Whether you see the cup as half full or half empty, you know attitude is everything when it comes to closing a sale. Optimistic people create upbeat marketing messages and positive outcomes. They filter negative statements out of their vocabulary and often turn setbacks into winning situations. Pessimists often play into negative situations, fueling the fire with doubt, anger and bad attitude. If your disposition is mostly sunny, you probably know success in your personal and professional life. However, if you’re naturally a Debby Downer, make some simple changes to improve your success, at least when closing a sale.
Fake it till you make it: Even if you’re having a lousy sales day, when a client asks, “How’s it going?” respond with a positive, upbeat comment. “Living the dream!” or “Fantastic!” or “Remarkable!” Positive, energetic replies not only elicit a positive response from clients, they make everyone feel better than a less-than-enthusiastic “OK” or “Fine, I guess.”
Don’t complain about things you cannot change or are not willing to change: Fussing about the economy doesn’tclose a sale or encourage a client. Complaining about slow sales doesn’t increase your sales volume. Discouraging comments regarding your company’s bonus structure don’t improve your chances to earn a reward. Negative statements are contagious, and when you use them, most people will soon mimic your sentiment. If you complain to your customers, you pull them down, your words and poor attitude rub off and you lose a sale, a client or prospect. If something at work truly bothers you, suggest solutions to changing it
Exchange negative thoughts for positive ones: This might sound like nonsense, but it does work. When you say “That won’t work,” “dumb idea,” or “impossible,” you encourage your brain to focus on poor results. When faced with a challenge, think about positive ways to overcome it, consider every idea as a potential solution and develop a “can do” attitude. People around you will see you as proactive, able and confident.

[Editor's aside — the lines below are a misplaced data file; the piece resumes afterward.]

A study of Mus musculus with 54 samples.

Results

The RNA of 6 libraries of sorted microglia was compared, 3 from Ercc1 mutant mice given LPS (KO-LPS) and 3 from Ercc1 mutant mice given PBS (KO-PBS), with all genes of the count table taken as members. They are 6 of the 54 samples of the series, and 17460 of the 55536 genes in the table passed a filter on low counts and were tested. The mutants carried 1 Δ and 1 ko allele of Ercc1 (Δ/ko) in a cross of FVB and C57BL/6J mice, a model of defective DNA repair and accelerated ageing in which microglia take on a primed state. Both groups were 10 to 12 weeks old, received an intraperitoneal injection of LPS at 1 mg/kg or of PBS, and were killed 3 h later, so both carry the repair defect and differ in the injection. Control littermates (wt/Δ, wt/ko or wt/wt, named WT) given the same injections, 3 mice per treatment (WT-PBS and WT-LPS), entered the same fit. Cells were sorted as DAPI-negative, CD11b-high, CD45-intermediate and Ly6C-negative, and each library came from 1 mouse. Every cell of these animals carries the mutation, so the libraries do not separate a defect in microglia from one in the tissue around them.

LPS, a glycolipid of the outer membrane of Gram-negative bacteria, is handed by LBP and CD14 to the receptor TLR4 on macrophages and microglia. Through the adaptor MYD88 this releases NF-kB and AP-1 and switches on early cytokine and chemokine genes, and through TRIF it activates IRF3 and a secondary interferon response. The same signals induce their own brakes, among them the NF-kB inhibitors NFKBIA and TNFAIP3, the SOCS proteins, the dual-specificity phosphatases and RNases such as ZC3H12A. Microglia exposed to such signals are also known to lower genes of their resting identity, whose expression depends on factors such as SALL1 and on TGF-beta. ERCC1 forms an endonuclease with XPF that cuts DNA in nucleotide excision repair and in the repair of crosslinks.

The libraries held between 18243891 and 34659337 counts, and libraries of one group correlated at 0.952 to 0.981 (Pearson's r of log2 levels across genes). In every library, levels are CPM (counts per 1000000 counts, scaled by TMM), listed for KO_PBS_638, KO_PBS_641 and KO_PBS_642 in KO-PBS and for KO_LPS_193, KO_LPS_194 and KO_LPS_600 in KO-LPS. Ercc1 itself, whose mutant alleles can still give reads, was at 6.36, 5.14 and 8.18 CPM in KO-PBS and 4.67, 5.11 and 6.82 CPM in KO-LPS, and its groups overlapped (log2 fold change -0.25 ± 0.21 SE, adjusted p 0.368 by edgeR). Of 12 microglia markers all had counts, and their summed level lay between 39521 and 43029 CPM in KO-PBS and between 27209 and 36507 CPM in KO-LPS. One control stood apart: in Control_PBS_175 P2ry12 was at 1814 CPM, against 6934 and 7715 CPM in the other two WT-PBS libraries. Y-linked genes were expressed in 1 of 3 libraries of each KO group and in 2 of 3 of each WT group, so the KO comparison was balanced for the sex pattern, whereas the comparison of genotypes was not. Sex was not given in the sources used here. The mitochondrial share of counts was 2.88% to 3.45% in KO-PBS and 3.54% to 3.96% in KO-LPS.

Leave personal struggles at the door: Discussing personal problems at the office doesn’t improve your chances of closing a sale, nor does it produce a positive vibe. It’s not that nobody cares about your personal well-being; it’s that at work, nobody gets paid to care about personal issues. People are paid to perform at the top of their abilities. If you’re pulling them down with your private life concerns, your problems won’t only be personal. Your professional life will begin to suffer, too.
Smile when you’re on the phone: Seriously, people you’re talking with can “hear” a smile. Your inflections change, and your positive energy radiates through the phone. Even if you don’t feel like it, put on a smile. It is one of the easiest ways to put someone at ease and improve nearly any situation.
People who show an optimistic attitude, real or not, create more personal and professional success than negative naysayers. They also close more sales! Put a smile on, quit grumbling about things you cannot change and appreciate the small things. Happy Valentine’s Day!